China says tracking Covid cases 'impossible' as infections soar

AFP , Wednesday 14 Dec 2022

China's top health body said Wednesday the true scale of coronavirus infections in the country is now "impossible" to track, with officials warning cases are rising rapidly in Beijing after the government abruptly abandoned its zero-COVID policy.

China COVID-19
This frame grab from AFPTV video footage shows people queueing outside a fever clinic amid the Covid-19 pandemic in Beijing on December 14, 2022. AFP


Beijing's decision to scrap mass testing and quarantines after nearly three years of attempting to stamp out the virus has led to a corresponding drop in officially reported infections, which hit an all-time high only last month.

But those numbers no longer reflected reality because testing is no longer required for much of the country, China's National Health Commission (NHC) acknowledged on Wednesday.

"Many asymptomatic people are no longer participating in nucleic acid testing, so it is impossible to accurately grasp the actual number of asymptomatic infected people," the NHC said in a statement Wednesday.

That came after Vice Premier Sun Chunlan said new infections in the capital were "rapidly growing".

Chinese leaders are determined to press ahead even though the country is facing a surge in cases that experts fear it is ill-equipped to manage. Millions of vulnerable elderly are still not fully vaccinated and underfunded hospitals lack the resources to deal with an influx of infected patients.

Authorities said on Wednesday they would begin allowing some vulnerable groups, including those 60 and older, to receive a second booster shot six months after their first.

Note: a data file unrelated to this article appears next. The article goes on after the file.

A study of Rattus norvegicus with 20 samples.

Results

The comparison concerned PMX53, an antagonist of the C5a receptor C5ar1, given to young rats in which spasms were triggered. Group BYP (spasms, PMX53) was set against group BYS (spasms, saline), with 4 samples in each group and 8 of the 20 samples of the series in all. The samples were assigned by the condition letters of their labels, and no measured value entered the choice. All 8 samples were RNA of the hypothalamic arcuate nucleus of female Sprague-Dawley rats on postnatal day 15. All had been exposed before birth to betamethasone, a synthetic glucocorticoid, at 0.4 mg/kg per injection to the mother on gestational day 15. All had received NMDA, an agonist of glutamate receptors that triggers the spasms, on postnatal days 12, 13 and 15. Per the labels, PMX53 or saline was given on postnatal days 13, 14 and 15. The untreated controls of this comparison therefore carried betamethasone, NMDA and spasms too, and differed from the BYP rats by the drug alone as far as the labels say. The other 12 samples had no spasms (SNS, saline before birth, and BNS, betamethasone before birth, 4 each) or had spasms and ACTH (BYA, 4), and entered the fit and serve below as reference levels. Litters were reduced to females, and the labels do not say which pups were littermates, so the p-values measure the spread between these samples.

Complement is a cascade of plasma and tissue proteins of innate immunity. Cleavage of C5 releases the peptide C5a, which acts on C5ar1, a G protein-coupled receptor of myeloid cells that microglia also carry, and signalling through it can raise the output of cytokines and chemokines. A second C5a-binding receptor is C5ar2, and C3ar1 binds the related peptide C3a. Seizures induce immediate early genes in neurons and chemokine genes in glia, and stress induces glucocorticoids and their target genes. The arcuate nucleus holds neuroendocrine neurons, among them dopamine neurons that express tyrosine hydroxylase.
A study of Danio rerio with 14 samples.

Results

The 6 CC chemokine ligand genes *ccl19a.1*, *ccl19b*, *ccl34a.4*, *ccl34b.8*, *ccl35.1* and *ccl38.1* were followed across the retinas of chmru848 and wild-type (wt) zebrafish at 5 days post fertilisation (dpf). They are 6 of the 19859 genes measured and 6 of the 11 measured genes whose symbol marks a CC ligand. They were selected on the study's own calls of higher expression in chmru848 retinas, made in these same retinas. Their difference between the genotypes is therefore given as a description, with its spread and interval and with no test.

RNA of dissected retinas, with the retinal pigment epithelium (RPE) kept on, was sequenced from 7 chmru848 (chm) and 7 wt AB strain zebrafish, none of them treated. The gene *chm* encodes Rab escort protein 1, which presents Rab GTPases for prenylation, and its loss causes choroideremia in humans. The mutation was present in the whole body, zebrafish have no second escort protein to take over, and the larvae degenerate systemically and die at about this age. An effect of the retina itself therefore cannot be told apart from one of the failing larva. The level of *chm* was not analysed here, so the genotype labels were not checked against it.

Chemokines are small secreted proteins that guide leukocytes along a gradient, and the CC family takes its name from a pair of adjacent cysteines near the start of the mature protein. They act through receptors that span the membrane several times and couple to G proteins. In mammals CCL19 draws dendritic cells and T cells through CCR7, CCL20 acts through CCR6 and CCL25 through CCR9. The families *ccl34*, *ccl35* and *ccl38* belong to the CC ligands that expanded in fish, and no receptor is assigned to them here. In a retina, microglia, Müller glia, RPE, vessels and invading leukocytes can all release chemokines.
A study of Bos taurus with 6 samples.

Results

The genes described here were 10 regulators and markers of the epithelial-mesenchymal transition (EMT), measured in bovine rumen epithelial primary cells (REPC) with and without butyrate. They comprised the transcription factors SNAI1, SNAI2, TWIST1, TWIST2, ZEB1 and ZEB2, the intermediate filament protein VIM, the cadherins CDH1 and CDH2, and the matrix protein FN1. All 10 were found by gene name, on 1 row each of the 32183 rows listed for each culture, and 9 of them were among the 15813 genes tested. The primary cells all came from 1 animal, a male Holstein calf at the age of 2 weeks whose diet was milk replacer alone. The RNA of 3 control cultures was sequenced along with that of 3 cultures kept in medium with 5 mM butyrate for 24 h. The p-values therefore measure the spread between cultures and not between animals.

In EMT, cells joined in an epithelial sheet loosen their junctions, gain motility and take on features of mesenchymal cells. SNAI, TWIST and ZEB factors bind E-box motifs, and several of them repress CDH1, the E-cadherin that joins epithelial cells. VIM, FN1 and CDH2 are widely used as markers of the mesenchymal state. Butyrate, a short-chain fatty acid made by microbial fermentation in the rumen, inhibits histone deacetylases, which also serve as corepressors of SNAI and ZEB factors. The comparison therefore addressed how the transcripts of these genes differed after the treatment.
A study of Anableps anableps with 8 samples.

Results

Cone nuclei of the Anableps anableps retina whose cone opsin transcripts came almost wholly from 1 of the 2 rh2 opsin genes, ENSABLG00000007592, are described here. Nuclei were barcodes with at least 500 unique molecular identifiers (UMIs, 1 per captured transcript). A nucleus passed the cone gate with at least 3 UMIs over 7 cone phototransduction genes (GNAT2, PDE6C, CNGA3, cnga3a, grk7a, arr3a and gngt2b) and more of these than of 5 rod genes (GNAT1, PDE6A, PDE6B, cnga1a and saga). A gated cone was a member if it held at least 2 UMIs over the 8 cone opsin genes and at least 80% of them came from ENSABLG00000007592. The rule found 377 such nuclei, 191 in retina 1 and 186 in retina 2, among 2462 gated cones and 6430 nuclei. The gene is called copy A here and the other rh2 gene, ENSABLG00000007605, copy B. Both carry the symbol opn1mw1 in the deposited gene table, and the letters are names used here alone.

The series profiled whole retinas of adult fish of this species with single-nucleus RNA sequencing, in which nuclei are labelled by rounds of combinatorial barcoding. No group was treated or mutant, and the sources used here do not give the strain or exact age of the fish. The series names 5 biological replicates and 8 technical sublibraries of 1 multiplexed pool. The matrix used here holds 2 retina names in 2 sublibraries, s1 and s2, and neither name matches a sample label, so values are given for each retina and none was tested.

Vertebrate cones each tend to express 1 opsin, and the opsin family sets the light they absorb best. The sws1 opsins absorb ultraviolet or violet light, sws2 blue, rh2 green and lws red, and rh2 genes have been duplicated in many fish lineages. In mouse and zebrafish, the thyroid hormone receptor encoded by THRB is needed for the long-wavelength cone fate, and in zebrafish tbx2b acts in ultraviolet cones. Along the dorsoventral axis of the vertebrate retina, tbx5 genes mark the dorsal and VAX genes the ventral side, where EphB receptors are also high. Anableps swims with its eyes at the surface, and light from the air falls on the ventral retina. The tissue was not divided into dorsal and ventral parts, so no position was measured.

A line of about 50 people stretched out the door of a fever clinic in Beijing on Wednesday, with multiple residents telling AFP they were infected with the virus.

"Basically, if we are lining up here, we are all infected. We would not come here if we weren't," one person waiting in line said.

"I'm here with a senior member of my family, he's had a fever for nearly 10 days in a row now, so we are coming to do a checkup on him."

Beijing struggles

Restaurants, shops and parks are now allowed to reopen but residents are not finding the path to living with the virus straightforward.

Many with symptoms have opted to self-medicate at home, while others are staying in to protect themselves from getting infected.

Businesses are also struggling as COVID-19 rips through the population and hits their staffing.

As a result, the capital's streets are largely empty.

"Basically I follow the requirements of the Beijing government, that the elderly should stay home and go out as little as possible," said one resident in his 80s who declined to give his name.

He said he wasn't too worried because he thought Omicron was mild but told AFP he thought "there shouldn't be complete relaxation and freedom".

"If we are dead, how can we be free, right?" he said.

Residents have complained of sold-out cold medicines and long lines at pharmacies, while Chinese search giant Baidu said searches for fever-reducing Ibuprofen had risen 430 percent over the past week.

Soaring demand for rapid antigen tests and medications has created a black market with astronomical prices, while buyers resort to sourcing the goods from "dealers" whose contacts are being passed around WeChat groups.

Authorities are cracking down, with market regulators hitting one business in Beijing with a 300,000 yuan ($43,000) fine for selling overpriced test kits, the local Beijing News reported Tuesday.

In a sea change for a country where infection with the virus was once taboo and recovered patients faced discrimination, people are now taking to social media to show off their test results and give detailed descriptions of their experiences while sick.

"When my body temperature went past 37.2 degrees, I began to add some sugar and salt to my lemon water," Beijing-based Xiaohongshu social site user "Nina" wrote in an account intended as advice for those not yet infected.

Wang, another Beijing resident in his 50s, told AFP: "I think everyone has got used to it. They have moved on."

"I don't think people are that fragile."